The message was much the same Thursday as it was last month at the winter meetings in Nashville, Tennessee, and the month before at the general managers meetings, and the month before when a 101-win Orioles season ended in swift fashion.

Baltimore is looking for an additional starting pitcher.

That’s not a news flash. It doesn’t require a chyron blaring across the television screen in bold lettering. The Orioles began their search for a starting pitcher in early fall, and it has continued into the heart of winter without materializing in a splashy free agent acquisition or a blockbuster trade.

With a little more than two weeks remaining before pitchers and catchers report to Sarasota, Florida, for spring training, Baltimore has stayed the course in many ways. Executive vice president and general manager Mike Elias said Thursday on the first day of Birdland Caravan events that the Orioles have spoken with all 29 other teams about potential trades.


What is clear, however, is that the Orioles see the trade market as their most likely avenue to adding a starting pitcher who could slot into a key rotation role. With that understanding come two other considerations: Baltimore is not in a position — be it by choice or by force — to sign a high-priced free agent, and with the top farm system in baseball, the asking price around the league for a trade is high. Potentially too high, at this point.

So, as spring training approaches, the Orioles remain in a similar position to the one they inhabited earlier this offseason. The search goes on, and that search largely revolves around potential trade candidates.

“I don’t think there’s any bones about it. We’re better equipped to bring in impact starting pitching via the trade route, so we’ve been exploring that pretty heavily,” Elias said. “There’s some really big signings of starting pitchers that have happened, and they have, by and large, gone to really large-market teams in really large cities. And it’s just a reality of baseball. It doesn’t mean we’re not talking to those people or checking on them, but I think we have an advantage with the trade firepower that we have.”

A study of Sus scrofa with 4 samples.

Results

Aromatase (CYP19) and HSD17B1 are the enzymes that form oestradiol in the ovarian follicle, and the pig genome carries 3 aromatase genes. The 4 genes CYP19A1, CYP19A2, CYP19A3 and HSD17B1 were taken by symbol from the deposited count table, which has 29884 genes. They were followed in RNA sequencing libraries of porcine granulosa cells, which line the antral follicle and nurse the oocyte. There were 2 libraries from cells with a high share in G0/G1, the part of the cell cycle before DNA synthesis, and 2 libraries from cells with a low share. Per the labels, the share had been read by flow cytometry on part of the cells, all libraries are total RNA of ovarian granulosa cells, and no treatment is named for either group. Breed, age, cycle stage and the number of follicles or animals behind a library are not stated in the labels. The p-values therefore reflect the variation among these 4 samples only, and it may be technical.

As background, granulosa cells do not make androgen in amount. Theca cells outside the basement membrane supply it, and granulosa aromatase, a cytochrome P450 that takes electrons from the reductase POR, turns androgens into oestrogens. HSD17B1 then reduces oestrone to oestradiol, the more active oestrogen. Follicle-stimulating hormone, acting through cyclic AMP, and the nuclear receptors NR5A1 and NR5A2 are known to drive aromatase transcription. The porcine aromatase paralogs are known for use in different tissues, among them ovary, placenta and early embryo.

The Los Angeles Dodgers, St. Louis Cardinals, Philadelphia Phillies and Boston Red Sox — some of baseball’s traditional big spenders — have loaded up with Shohei Ohtani, Yoshinobu Yamamoto, Sonny, Gray, Aaron Nola and Lucas Giolito. Those teams have payrolls projected near or above $200 million, according to FanGraphs. Baltimore’s projected payroll sits at $81 million, 28th in the majors.


Meanwhile, the trade market has been relatively quiet. The two major trades that have involved starting pitchers both came from the American League East, and, as Elias noted, Baltimore’s division rivals have less incentive to cooperate with a direct competitor.

The Red Sox traded left-hander Chris Sale to the Atlanta Braves, and the Tampa Bay Rays traded right-hander Tyler Glasnow to the Dodgers. The latter pitcher might have been the rotation-elevating arm Baltimore is searching for; instead, he is part of a growing stable of starters in Los Angeles.

“We’ve got good options, but, like I said, there’s always room for more pitchers,” Elias said. “Every team is looking for more pitchers. The Dodgers keep signing pitchers. So it’s just something that everybody is on the prowl for, which just makes it tough. But we’re no exception to that, and we’ll take more if we can get the right guys in the right deals.”

Asked whether there’s less pressure for the Orioles to overspend on a pitcher considering how successful 2023 was and how the vast majority of the team is returning, Elias demurred. “There’s a lot of pressure all the time,” he said, but the general manager acknowledged there is a level of comfort with the group already assembled in Baltimore.


“I think all those guys in that rotation can easily take a step forward,” said Means, who is full go after recovering from Tommy John elbow reconstruction surgery. “I think that there were some games last year that they did really well, and some streaks that you’re like, ‘Wow, this could be one of the best pitchers in the league.’ I think all four of those other guys had moments like that. And, when you get more experience, it’s just about being more consistent.”

Still, Elias knows one injury or hiccup can change the outlook of a pitching staff. It happened to the bullpen last year, when an elbow injury forced closer Félix Bautista into Tommy John surgery. After a superb first half, Wells lost momentum, was optioned to the minors, then returned late as a reliever.

That reinforces the idea that Baltimore could use another starter. With their farm system, the Orioles could swing a deal for just about any player. But Elias has certain no-trade prospects, such as Jackson Holliday, and he must balance the temptation to put blinders on in order to win in 2024.

“You can look back and teams make aggressive trades, and it can really set the franchise back if the guy shows up and he gets hurt, or if you trade guys and you miss out on their long careers,” Elias said. “There’s been examples with the Orioles where that’s happened. We’re aggressive. We’re in a win mode. We want to make the team better. We’re looking for these things. But it would be very irresponsible for me to not measure the cost of anything that we’re doing, and we’ve got a lot of really talented young players with really bright futures, and we’re excited about them, too.”


There’s still time. They’re “probably being as aggressive as any team out there,” Elias said. But, for the moment, the winter is passing without a major splash.